Yule - also known as Alban Arthan (Druid), Jul (Norse), Yuletide (Teutonic), Feill Fionnain (Pecti-Wita), Gwyl Canol Gaeof (Welsh), the Longest Night, Midwinter and, of course, Christmas (Christianity).
Brightly burns the Yule log tonight
Magic dances in firelight
Hold my hand and join the song
Raise the Sun King bright and strong
Dark is giving way to light
As brightly burns the Yule log tonight.
- Yule chant adapted by Akasha Ap Emrys.
Tonight at sunset (here in the northern hemisphere) sees the beginning of the Winter Solstice - Solstice being derived from the Latin 'Sol' (Sun) and 'sistere' (to stand still).
One of the lesser festivals, Yule is a celebration marking the death and rebirth of the Sun in Midwinter and is the second of two solstices dividing the year - the first being Litha which celebrates the Sun at it's peak in Midsummer.
Marking the longest night and shortest day of the year, Yule celebrates the birth of the Sun God, born of the Goddess after her return from the underworld. Fires and candles are lit to welcome the return of the Sun God's light while the Goddess rests after delivery and the hardships of her Winter in Labour.
Particularly important to our ancestors, occurring at a time when many were not expected to live throughout the winter, this Midwinter festival was a their last feast before the deprivations of Winter set in.
Traditionally the festivities would see streets, homes and churches decorated using natural resources such as Mistletoe, Holly and Ivy (sound familiar?). Their use bringing both colour and life into the home, acting as a means of contact with the spirits of nature.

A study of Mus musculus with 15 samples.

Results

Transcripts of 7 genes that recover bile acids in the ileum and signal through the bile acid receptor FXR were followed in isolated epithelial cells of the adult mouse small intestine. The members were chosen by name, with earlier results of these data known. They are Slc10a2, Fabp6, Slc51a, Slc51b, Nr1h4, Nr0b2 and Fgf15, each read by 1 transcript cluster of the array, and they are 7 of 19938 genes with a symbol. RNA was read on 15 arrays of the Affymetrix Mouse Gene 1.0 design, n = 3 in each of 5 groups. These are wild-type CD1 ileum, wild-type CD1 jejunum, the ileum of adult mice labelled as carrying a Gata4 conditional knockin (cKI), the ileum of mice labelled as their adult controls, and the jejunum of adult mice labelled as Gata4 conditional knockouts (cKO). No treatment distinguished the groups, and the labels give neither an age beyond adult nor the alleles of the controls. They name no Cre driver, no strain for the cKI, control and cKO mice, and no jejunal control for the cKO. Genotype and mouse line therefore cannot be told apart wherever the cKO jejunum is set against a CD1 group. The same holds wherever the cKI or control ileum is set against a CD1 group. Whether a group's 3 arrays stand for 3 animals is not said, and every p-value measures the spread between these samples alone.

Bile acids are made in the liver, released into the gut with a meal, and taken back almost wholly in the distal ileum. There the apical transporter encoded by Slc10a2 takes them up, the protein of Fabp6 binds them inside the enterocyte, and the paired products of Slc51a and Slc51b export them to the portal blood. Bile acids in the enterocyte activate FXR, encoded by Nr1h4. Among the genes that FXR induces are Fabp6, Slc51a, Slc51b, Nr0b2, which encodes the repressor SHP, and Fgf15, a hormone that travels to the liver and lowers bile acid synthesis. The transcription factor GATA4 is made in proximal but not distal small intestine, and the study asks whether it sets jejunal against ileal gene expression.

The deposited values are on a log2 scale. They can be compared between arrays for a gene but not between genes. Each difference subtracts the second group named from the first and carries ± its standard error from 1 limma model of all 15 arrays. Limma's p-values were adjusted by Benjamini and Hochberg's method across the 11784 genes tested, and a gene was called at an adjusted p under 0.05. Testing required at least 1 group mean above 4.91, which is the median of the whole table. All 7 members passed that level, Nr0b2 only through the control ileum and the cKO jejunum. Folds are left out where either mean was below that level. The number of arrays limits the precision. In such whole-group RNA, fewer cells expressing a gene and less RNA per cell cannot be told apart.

The Druids especially prized Mistletoe with it's white berries representing the male aspects of the Sun God invoking fertility (hence the Christian tradition of kissing under the Mistletoe at Christmas?) and on the Eve of the Winter solstice would harvest the plant with a Golden Sickle.
Equally sacred was the Holly, a wreath of which was hung on doors to protect the home, as when all the other trees have lost their leaves, the holly's evergreen nature symbolised immortality by adding a splash of colour to an otherwise barren woodland, the red berries seen as a representation of the menstrual blood of the Goddess.
And finally, Ivy. Another evergreen plant, it is associated with one of the most popular of the ancient Egyptian Gods, Osiris, a God of the Sun, Agriculture and health.
And so for all those who will be celebrating Christmas this year, please remember this much more ancient celebration as you decorate your home and sing your carols.
For more information about Yule, it's symbols and customs please click HERE whilst to view the words of the carol, The Holly And The Ivy, click HERE for I think many of you may be surprised just how connected these words are to Yule.